Major Events of Last Week
Global investors were taken aback last Friday when the USA published its Gross Domestic Product (GDP) for the second quarter of 2016 which badly missed analysts’ predictions. The largest slump in inventory investment recorded in practically 5 years ensured that the GDP increased at just 1.2% on an annualized basis compared to the widely forecasted 2.6%. However, the report was not all doom and gloom as it did reveal some underlying strength created by a boost in consumer spending which accelerated by an impressive 2.7% during Q2. The leading US indices produced mixed reactions last Friday typified by the Dow Jones Industrial Average dropping by 16 points; the S&P500 rising 3 points and the NASDAQ climbing by 7 points.
The US Department of Commence advised late last week that GDP had risen at a more insipid pace during the second quarter than expected after growing during Q1 by a downwardly revised 0.8%. However, prominent economists were quick to explain that this performance was not as depressing as it first appeared since it was primarily driven by a significant decline in inventory investment. Consequently, more respectable growth of 2.4% on an annualized basis would have been achieved if this factor was removed. Specifically, business inventories plunged by $8.1 billion during Q2 from the increase of $40.7 billion attained in Q1.
Nevertheless, the weaker-than-expected GDP could still influence the US Federal Reserve by inciting it to adopt greater caution even after it advised last Wednesday that short-term risks to the US economic were presently receding. As a direct consequence, the US Dollar retracted sharply against a basketful of other major currencies amid growing conjecture that the FED may now not hike its benchmark interest rates until next year.
The GDP report did supply some encouraging features by disclosing that consumer spending (CS) had climbed by 4.2% during Q2 by registering its fastest rate of growth since the last quarter of 2014. This achievement is very important as CS is responsible for generating nearly two-thirds of all the activity driving the US economy. Although most traders do not consider that such a performance can be sustained over forthcoming quarters, they still concluded that consumer sentiment will continue to be supported for the foreseeable future by a healthy US housing sector, a strengthening US labor environment and improving savings. Specifically, disposable US income after inflation adjustments climbed from $13.81 billion during the first quarter of 2016 to $13.92 billion this time around.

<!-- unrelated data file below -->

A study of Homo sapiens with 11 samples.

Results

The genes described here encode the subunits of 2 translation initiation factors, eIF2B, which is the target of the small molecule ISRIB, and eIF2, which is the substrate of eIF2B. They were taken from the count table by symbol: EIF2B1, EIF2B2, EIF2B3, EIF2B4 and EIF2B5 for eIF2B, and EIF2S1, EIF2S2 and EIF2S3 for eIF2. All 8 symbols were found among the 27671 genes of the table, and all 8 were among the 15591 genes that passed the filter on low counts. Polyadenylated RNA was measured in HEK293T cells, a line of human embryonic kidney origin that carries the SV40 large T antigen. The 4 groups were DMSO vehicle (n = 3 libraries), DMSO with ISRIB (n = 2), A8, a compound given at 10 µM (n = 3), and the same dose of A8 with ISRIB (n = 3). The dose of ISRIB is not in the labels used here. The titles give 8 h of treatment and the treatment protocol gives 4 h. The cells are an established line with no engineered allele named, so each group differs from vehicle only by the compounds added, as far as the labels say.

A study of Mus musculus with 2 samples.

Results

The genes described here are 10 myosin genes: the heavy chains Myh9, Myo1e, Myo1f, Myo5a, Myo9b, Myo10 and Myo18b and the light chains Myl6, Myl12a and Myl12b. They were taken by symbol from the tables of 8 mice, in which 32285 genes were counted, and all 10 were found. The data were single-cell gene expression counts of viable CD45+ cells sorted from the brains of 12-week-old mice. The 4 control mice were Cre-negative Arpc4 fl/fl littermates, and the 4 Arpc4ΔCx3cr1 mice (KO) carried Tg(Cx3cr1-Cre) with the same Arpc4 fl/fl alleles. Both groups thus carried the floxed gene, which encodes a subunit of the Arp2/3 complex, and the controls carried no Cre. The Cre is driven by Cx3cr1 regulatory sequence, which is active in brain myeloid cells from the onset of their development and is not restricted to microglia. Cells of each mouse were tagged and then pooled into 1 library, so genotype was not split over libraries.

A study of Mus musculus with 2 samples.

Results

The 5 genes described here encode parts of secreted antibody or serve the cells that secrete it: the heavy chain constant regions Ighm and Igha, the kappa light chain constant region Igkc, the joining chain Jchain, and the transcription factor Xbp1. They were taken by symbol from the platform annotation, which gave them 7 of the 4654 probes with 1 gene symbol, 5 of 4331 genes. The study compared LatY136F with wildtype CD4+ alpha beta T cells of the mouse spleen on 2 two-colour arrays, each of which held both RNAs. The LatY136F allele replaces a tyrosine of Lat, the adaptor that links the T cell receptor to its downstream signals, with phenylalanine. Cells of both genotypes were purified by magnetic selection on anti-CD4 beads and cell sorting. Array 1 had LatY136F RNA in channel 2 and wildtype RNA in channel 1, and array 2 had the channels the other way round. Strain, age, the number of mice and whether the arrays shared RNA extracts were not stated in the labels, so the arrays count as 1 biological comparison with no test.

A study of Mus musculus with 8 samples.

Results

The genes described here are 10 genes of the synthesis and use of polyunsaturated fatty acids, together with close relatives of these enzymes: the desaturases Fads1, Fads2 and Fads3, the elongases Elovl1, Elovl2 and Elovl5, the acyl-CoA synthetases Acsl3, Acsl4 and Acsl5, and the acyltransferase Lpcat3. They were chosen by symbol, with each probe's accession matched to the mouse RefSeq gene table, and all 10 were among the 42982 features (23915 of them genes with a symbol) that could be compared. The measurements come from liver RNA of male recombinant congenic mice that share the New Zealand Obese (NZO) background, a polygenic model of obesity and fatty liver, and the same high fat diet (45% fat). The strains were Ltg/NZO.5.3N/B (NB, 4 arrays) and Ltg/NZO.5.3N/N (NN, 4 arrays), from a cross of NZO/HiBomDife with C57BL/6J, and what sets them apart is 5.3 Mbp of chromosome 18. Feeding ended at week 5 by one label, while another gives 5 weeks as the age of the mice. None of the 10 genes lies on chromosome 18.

The Eurozone will launch proceedings by presenting a spate of Purchasing Managers’ Manufacturing Indices (PMI) on Monday. The French PMI is predicted to rebound back above its critical 50.0 mark while the German PMI should beat its previous print of 54.5. Later, the US Institute of Supply Management will divulge its revered Manufacturing Index which should extend its recent bullish trend.
On Tuesday, the Reserve Bank of Australia (RBA) will announce its latest interest rate decision and monetary policies. This event could be dramatic as the RBA is on the verge of cutting rates amid a struggling Australian economy. The United Kingdom will then disclose the PMI for its vital construction section for last month which could provide further insights into how Brexit is influencing the British economy. The USA will next reveal its ‘Personal Income and Outlays’ for July which is expected to hover about its 0.2% level. This parameter is quite important as the US Federal Reserve uses it as one of its primary considerations when assessing inflation. The Bank of Japan (BoJ) will complete the session by delivering the minutes from its latest Monetary Policy meeting which should provide a valuable overview about how it currently evaluates the precarious nature of the Japanese economy.
The Eurozone will commence Wednesday by releasing another bout of major inflationary data. The French PMI Composite should still reside in recessionary territory by posting a value less than 50.0; the German PMI Composite should surpass 55.0 while the PMI Composite for the entire Currency Bloc should tread-water about its 53.0 mark. The United Kingdom will then post the PMI for its service sector which is expected to plunge deeper into the red amid deteriorating Brexit developments. Australia will complete the day by posting its ‘Retail Sales’ for July. Expert consensus is presently favoring a slump below its prior read of 0.2% as a sizeable decline in customer confidence begins to bite.
An important event will occur on Thursday when the Bank of England (BoE) declares its latest interest rate decision and monetary policies. Analysts will be keen to learn what strategy the BoE plans to adopt in order to counter Brexit concerns and uncertainties. The USA will then publish its ‘Jobless Claims’ for the week ending 31st July which should verify that the number of Americans filing first claims for unemployment benefits continues to reside within the long-standing range of 240k to 290k.
On Friday, the USA will publish its all-prevailing labor report for July. Will US Employers again be able to match the stellar performance generated during June when they created almost 290,000 new jobs? The USA will finish the week by declaring its ‘International Trade’ for last month which should beat its previous reading of -$41.1 billion.